So, I finally made it to chefBURGER recently. Their menu of "Signature Burgers" has expanded significantly.
Interestingly, I was eating with pescatarians, and so I played along. Two of us go the two vegetarian burgers - the Black Bean Burger and the Crispy Falafel Burger. One of us got the Ahi Tuna Burger. And, yet another, who was less forgiving of our friends' dietary restrictions got the Turkey Burger, which I believe is new to the menu. So, no beef patty at our party.
General observations: TOO MUCH CONDIMENT!!! Why is it that when you ask for them to "go easy" on something, they end up slopping on more than they normally would?
So, we had Srirachi aioli, Srirachi coleslaw, mayonnaise, cranberry chutney, and pickled ginger coleslaw oozing out of, off of, onto, and all over everything. I think that chefBURGER might be an environmental hazard alone, what with the amount of napkins sacrificed to the cause of burger eating. I mean, had I been at home, naked, maybe I wouldn't mind what dropped where. But, seeing how I was in public, I was trying to keep myself from devolving into a complete slob.
This was especially unfortunate, because otherwise, the "burgers" were perfectly delightful. The buns (where there were buns) were slightly sweet - I liked that, actually.
The Crispy Falafel was indeed crispy. It was also flavorful, with a hit of appreciable and appreciated heat. It was sandwiched with fresh spinach, cucumber, tomato, and Srirachi coleslaw. Srirachi coleslaw is basically a Srirachi-tinged mayonnaise-laden coleslaw. The emphasis being on the mayonnaise. I tasted no Srirachi. I mean, if you've already got the falafel, tomato, lettuce and cucumber, why not go the whole way and just do some yogurt or sour cream? I guess that's why it's chefBURGER, and I'm not the chef.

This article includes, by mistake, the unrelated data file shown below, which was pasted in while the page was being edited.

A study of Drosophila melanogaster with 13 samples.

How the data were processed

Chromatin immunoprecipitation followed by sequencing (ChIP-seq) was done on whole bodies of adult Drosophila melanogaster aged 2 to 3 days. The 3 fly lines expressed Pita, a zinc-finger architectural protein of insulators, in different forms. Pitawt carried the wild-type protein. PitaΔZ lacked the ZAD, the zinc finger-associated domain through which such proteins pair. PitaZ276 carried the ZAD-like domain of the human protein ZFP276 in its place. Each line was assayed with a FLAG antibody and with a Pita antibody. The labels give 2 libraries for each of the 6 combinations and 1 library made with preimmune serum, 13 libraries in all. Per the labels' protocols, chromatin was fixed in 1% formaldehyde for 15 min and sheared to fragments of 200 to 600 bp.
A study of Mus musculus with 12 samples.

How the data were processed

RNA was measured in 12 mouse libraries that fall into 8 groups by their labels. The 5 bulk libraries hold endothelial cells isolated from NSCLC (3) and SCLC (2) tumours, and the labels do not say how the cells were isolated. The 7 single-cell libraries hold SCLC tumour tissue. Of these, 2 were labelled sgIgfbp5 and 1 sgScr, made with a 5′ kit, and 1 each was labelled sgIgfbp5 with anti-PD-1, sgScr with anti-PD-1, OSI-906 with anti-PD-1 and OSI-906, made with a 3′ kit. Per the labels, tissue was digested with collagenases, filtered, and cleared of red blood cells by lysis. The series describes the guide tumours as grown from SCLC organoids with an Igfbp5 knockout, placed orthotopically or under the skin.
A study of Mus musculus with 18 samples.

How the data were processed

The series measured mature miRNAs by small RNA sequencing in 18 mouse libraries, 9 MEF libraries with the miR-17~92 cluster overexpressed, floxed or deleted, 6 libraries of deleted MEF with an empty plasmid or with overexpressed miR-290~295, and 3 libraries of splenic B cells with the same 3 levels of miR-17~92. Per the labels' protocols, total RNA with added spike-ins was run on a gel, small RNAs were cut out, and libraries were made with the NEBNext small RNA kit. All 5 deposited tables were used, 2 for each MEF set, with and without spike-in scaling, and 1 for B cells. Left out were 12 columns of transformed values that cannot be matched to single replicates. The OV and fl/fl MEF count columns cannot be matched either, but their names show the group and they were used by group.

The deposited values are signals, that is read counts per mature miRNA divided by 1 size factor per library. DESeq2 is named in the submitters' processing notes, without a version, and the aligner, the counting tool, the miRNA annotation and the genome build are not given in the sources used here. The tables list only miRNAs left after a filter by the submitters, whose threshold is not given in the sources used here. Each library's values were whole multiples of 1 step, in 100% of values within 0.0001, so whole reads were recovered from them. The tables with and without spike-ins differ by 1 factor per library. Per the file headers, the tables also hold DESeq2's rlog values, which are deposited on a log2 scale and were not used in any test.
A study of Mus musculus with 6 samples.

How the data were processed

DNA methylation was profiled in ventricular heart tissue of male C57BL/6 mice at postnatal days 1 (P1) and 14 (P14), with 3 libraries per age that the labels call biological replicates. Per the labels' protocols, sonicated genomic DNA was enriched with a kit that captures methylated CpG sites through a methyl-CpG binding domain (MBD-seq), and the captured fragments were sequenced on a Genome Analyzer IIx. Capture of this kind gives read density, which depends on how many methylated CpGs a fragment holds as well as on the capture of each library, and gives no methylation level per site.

Then there was the Grilled Ahi Tuna Burger, which was completely coated in aioli. The inside, however, was perfectly cooked to order; my friend got it rare. It came with a pickled ginger coleslaw, which was really flavorful, the small bit that managed to not be glopped with Srirachi aioli, which tasted nothing like Srirachi. This "burger" surprised me - I had expected a chopped/ground tuna patty, instead, it was generous six-ounce steak cut of fish. Did I mention there was a lot of aioli?
The Turkey Burger ($7.99) was not really a burger. I think it's supposed to be some kind of witty riff on Thanksgiving. The turkey patty, which was flavorful and moist, was tucked between grilled bread, topped with Swiss, cranberry chutney (which soaked through the bread), tomato, lettuce, mayonnaise, more mayonnaise, and then some mayonnaise.
I didn't get to taste the Black Bean burger. It came with tomato, lettuce, pickle, and red onion. Oh, and it also was generously treated with "Chef Sauce," which was - you guessed it, some mayonnaise-based condiment. I guess my friend liked it; she wouldn't share.
Sweet potato fries were good, but not the best I've had. The garlic-parsley waffle fries were also good, though way too greasy. I'd be fooling myself to think that fries are health food, but there's no need for a pooling grease. Again, the napkin crew came to the rescue.
The milkshakes, as I alluded to upthread, were watery and thin. I prefer mine thicker. They weren't so thin that one could (easily) slurp it through a straw. Yet, eating it with a spoon was equally awkward - it was just too thin to hold on a spoon. I'm pretty sure they use soft serve as a base. I don't know what milkfat content of their milk is. The flavors we tried were all very good. Next time, I'm going to try one of their "spiked" milkshakes - the "B52," "Alabama Slama'" and the "Buttery Nipple" all sound great. I might have to have a wheelchair waiting for me.
Overall, sloppy. If they just hold back on the condiments, I think their burgers would be immensely more enjoyable.